NEW YORK (AP) — Stan Wawrinka was about 2 1/2 hours removed from winning the U.S. Open for his third major championship when he was presented with a question he probably was figuring would be coming.
The gist: After adding this trophy to those from the Australian Open in 2014, and the French Open in 2015, is it time to focus on completing a career Grand Slam by winning Wimbledon in 2017?
Wawrinka ran his left hand through his hair, rubbed his eyes and smiled.
“So what? Are you saying next year I focus only on Wimbledon? There is no plan. The only plan is trying to push myself the maximum to be the best player I can,” Wawrinka said Sunday night. “I’m not good enough to start and say, ‘OK, I’m going to win a Grand Slam this year.’ No.”
Well, actually, Stan, you sure seem to be at this point. And that 6-7 (1), 6-4, 7-5, 6-3 victory over No. 1-ranked and defending champion Novak Djokovic in the U.S. Open final on Sunday night was only the latest evidence.
Wawrinka might have won a French Open junior title as a teenager, but it sure took him a while to show that sort of talent at the elite level. So long in the shadow of his Swiss countryman and close friend Roger Federer, Wawrinka did not reach a Grand Slam semifinal until age 28, in his 35th appearance at one of his sport’s four most prestigious events.
Now, though, Wawrinka has won three majors over the past three seasons, pulling even with Andy Murray. Since the 2005 French Open, Federer, Djokovic and Rafael Nadal have won 39 of 47 Grand Slam trophies. Only Wawrinka and Murray also have multiple titles in that span.
So it’s clear that the third-ranked Wawrinka now must be seen among the cream of the crop in men’s tennis and a threat at all big tournaments moving forward. He is, after all, 3-0 in major finals, and has won 11 consecutive finals overall.
“He hits a very heavy ball, especially from the backhand corner. Forehand is very flat. You know, he goes for his shots from the forehand side. Backhand, you know, great chip, great slice. He uses that when he’s defending and then he comes up and can get you off the court with a backhand crosscourt. That’s probably one of the best shots in the game,” Djokovic said. “Physically, he’s very strong, so he can endure a lot.”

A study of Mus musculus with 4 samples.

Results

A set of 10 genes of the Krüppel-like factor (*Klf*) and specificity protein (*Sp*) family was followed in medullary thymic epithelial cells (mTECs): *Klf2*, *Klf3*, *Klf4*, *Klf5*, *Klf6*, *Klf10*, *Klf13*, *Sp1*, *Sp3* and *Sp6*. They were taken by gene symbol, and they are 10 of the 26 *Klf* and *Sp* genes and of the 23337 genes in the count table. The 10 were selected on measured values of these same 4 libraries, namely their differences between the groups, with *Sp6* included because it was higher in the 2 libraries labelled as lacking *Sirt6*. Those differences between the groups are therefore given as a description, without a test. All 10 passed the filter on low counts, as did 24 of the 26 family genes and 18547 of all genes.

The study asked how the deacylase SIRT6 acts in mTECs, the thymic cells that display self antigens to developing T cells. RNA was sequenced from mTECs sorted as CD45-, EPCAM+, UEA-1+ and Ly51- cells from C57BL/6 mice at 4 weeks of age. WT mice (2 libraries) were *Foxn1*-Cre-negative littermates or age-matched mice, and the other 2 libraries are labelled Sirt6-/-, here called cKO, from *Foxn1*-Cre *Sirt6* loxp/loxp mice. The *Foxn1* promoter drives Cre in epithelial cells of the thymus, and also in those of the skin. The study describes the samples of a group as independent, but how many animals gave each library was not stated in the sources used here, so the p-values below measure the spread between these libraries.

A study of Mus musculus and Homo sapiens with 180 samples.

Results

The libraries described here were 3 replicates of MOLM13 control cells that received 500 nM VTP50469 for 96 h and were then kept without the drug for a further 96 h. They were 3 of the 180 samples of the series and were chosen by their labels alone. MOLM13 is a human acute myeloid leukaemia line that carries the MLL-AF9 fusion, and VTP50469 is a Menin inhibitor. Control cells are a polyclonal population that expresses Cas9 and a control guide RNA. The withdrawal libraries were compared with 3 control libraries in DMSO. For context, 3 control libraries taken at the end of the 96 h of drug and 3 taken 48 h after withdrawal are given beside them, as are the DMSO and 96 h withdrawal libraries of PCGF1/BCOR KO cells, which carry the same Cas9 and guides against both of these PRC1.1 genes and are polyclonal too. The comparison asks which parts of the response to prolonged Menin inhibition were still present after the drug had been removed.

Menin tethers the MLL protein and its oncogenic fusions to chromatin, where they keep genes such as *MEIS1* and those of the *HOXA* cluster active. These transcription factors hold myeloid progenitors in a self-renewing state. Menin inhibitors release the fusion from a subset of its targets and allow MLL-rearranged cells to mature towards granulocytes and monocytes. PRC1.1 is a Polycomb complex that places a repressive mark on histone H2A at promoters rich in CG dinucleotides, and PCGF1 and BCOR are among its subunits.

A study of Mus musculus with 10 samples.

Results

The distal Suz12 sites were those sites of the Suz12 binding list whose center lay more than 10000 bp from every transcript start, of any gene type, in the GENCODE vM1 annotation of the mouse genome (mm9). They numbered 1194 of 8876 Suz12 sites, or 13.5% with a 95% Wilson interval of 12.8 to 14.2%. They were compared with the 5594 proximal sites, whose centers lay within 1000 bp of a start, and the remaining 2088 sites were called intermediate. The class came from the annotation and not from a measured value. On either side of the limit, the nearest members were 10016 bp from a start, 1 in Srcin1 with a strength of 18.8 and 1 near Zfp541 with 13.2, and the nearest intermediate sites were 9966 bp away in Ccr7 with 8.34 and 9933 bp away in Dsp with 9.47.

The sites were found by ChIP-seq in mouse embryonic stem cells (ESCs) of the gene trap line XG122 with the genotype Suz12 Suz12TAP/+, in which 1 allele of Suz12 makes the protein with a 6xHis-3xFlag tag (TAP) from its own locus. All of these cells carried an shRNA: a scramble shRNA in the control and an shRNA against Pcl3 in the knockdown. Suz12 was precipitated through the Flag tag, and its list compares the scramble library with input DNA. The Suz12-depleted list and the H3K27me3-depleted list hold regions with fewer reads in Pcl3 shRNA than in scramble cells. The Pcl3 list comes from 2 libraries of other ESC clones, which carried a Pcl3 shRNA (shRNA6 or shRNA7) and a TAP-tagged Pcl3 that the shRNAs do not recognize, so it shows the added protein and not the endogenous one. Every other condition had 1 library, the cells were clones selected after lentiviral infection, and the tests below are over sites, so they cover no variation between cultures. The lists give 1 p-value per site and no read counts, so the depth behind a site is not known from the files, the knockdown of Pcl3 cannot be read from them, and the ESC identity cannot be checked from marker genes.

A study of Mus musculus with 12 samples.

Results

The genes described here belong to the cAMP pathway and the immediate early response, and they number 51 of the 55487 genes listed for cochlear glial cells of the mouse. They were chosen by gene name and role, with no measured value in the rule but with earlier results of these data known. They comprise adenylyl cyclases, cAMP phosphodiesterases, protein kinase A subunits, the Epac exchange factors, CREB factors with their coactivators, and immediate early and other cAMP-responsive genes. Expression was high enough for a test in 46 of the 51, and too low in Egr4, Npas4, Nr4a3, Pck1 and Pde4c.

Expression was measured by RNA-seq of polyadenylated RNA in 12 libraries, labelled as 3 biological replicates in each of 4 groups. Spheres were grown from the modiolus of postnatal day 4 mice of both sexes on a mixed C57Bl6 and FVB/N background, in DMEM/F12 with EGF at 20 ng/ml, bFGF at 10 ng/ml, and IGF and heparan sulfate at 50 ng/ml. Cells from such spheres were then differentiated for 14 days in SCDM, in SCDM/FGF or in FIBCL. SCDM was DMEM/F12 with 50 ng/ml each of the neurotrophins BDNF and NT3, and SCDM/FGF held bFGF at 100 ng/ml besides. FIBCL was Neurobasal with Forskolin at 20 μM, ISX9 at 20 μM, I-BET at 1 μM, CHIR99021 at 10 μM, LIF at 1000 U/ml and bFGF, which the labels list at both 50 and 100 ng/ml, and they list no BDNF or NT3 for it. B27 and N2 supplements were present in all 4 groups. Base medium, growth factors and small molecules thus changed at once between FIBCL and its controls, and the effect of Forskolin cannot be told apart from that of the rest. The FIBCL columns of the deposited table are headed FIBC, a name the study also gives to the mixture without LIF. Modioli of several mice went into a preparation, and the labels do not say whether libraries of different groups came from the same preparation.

Wawrinka has never made it past the quarterfinals at Wimbledon, and lost in the second round there this year to the resurgent Juan Martin del Potro.
So what about Wimbledon? What might he be able to do there? He added 1996 champion Richard Krajicek as a coaching consultant on grass this season to help with volleying, so he is definitely interested in improving at the All England Club.
“I’m trying. I’m trying every year to improve. I’m trying every year to find solutions,” Wawrinka said. “I didn’t play my best tennis yet there. Hopefully it will come.”
Here is what else we learned during the 2016 U.S. Open:
KERBER IS NO. 1: It becomes official on Monday when the new WTA rankings are released, but Angelique Kerber clinched her debut at No. 1 after the U.S. Open semifinals, then showed it’s definitely justified by winning her second Grand Slam title of the season. The 28-year-old German had never been so much as a finalist at a major until this season, but made three such runs, winning the Australian Open and finishing as the runner-up at Wimbledon, before dropping only one set at Flushing Meadows. Once known mainly as a counter-puncher, Kerber has become more aggressive during points, became more dedicated to raising her fitness, and worked with a mental coach to rise to the top. At 28, she is the oldest woman to reach No. 1, but her skills and stamina could keep her in the mix for a while.
SERENA WILLIAMS: There was a lot of speculation about whether there is a changing of the guard in women’s tennis, now that Serena Williams’ record-tying 186-week streak at No. 1 is over after a semifinal loss to Karolina Pliskova. Williams turns 35 this month, so some are ready to write her off. Not so fast. Don’t forget that she has fared no worse than the semifinals at each of the past nine majors, including a Wimbledon title and two runner-up finishes this year.
FEDERER AND NADAL: After ruling tennis for so long, Federer and Nadal didn’t win a major title in 2015 or 2016, and neither was a factor at Flushing Meadows (Nadal lost in the fourth round; Federer missed the tournament while he rehabs his surgically repaired left knee). Federer is 35; Nadal is 30 and injured more often than not lately.